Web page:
Having briefly discussed text breaks, I thought it only made sense to look into chapter length. It is also something that has come up in my writing class and I find it interesting how much the opinions differ.
I’ve read very many new and interesting books this year. Many by authors I’ve never encountered before and it has exposed me to several writing styles and voices. That is a good thing. After all, it’s impossible for me to call myself a writer with any sort of expectation of credibility without exposing myself to my contemporaries. To the competition. To my role models.
Chapters, as I mentioned last week don’t always feature in a novel; there may be text breaks. In a novel that is broken into chapters they can vary from long to short. From moody, to comedic. From one POV to another. Similar to a text break, I suppose what matters most is what you want your chapter to achieve.
In my own writing, again, this varies, but I have noticed a a consistency when it comes to chapter length. In novels which do have chapters, I tend to write them at about the 2,000 word mark. Is this a magical number? Sometimes in class and again with the Phoenix Writers, it seems that 2k is a nice round number and that it’s rather popular. My own investigations (mainly through extensive reading) tells me that 2,000 words is just about enough to grab a reader’s interest and to give the author time to build up an interesting scene. It also seemed to be the sweet spot before my attention began to wander. Not off the book, but to other characters; what was that guy doing? Where is the woman with the talking dog? Can we go back to that pirate and his elocution lessons? …that sort of thing.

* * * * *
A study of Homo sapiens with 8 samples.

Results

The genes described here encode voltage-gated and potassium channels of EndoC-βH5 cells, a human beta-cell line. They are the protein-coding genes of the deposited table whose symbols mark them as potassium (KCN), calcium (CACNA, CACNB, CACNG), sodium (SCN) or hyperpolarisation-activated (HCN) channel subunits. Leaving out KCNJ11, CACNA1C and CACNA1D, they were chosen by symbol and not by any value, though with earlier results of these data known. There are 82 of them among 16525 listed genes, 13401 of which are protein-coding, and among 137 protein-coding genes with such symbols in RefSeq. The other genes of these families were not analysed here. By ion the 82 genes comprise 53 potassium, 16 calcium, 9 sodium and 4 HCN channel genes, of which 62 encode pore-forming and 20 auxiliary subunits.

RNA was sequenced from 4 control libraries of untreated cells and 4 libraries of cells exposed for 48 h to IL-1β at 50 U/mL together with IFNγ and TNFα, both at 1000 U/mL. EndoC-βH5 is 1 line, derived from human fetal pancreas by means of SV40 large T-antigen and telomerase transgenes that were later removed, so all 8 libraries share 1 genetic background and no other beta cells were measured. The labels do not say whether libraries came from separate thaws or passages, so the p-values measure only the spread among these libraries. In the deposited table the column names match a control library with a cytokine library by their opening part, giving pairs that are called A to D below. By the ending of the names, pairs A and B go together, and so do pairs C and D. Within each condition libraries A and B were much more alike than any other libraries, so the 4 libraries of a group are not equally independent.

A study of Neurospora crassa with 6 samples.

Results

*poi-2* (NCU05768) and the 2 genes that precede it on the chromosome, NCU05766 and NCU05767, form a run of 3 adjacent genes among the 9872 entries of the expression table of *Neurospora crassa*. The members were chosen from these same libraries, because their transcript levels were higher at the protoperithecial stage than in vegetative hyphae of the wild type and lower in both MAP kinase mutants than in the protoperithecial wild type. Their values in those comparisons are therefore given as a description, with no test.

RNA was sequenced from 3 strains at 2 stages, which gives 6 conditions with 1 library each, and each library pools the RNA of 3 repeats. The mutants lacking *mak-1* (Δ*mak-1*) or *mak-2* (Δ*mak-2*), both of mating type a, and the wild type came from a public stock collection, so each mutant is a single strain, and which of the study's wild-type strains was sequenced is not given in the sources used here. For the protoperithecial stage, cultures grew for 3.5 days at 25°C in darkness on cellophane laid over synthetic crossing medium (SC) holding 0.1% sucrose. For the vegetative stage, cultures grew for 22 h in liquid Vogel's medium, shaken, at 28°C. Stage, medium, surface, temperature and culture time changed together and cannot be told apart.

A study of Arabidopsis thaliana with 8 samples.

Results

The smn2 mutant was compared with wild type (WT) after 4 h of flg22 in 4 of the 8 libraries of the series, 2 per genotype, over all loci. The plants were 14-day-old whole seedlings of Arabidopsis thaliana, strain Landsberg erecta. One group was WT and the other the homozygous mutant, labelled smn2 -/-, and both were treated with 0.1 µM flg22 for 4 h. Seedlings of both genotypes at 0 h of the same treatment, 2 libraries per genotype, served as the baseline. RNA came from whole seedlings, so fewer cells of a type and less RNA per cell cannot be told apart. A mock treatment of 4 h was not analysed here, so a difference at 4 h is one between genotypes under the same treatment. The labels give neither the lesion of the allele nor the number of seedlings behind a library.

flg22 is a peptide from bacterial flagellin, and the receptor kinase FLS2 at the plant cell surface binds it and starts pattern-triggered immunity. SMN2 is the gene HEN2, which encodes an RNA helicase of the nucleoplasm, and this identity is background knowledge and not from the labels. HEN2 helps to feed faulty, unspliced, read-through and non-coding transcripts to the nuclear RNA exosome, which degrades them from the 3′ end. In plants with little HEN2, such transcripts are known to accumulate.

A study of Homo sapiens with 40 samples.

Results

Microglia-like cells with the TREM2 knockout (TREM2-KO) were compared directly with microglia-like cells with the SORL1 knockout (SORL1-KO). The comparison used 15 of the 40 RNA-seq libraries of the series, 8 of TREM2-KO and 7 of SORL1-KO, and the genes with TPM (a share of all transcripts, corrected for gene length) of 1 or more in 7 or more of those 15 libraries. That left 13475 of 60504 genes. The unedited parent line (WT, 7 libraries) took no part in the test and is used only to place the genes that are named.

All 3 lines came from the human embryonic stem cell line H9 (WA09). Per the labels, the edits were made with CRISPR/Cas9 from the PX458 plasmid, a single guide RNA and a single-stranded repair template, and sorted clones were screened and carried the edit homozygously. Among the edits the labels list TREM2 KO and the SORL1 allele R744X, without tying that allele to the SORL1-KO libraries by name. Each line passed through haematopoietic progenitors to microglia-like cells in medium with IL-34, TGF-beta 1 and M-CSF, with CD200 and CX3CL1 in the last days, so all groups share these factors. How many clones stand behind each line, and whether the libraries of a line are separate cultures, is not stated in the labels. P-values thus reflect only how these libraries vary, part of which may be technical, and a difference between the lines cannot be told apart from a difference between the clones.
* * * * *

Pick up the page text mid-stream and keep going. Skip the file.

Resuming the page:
But what do you want your chapter to do? Is it designed to carry your reader gently from one plot point to the next? Or do you intend to slap your reader with a new twist with all the force of a hurled wet fish? Do you want to seduce them into the intricate layers of your sub plots, or do you want to tickle their funny bone with delicious turns of phrase? What you want to do, dictates chapter length; I’ve no doubt about that.
If, through your chapter, you want to work in a little exposition, transition your characters from one place to another, then a longer chapter may suit your needs. Perhaps even as far as 4,000 words. However, if you want to ratchet up the pace and drag your readers onto the roller coaster of a long awaited action scene, then a shorter chapter may help not only to showcase the change in pace, but make it palpable too. Just as shorter, punchier sentences can add a sense of urgency to a paragraph, short chapters can do the same thing to the whole novel. Compare it to the long, laborious climb to the top of a snowy hill, followed by the hair raising race to the bottom on your sled (or in my case, black bin bag).
The same also applies to manipulating emotions. You may want to take advantage of a mid-length chapter for emotions like fear or sorrow, but for excitement or anger, a short, explosion of a chapter will really pop in the reader’s face. It will also keep them turning the pages.
What do you think? Do you use chapter length to guide the pace and tone of your novel, or, like me, do you tend to stick to a regular formula of so-many-words-per-chapter?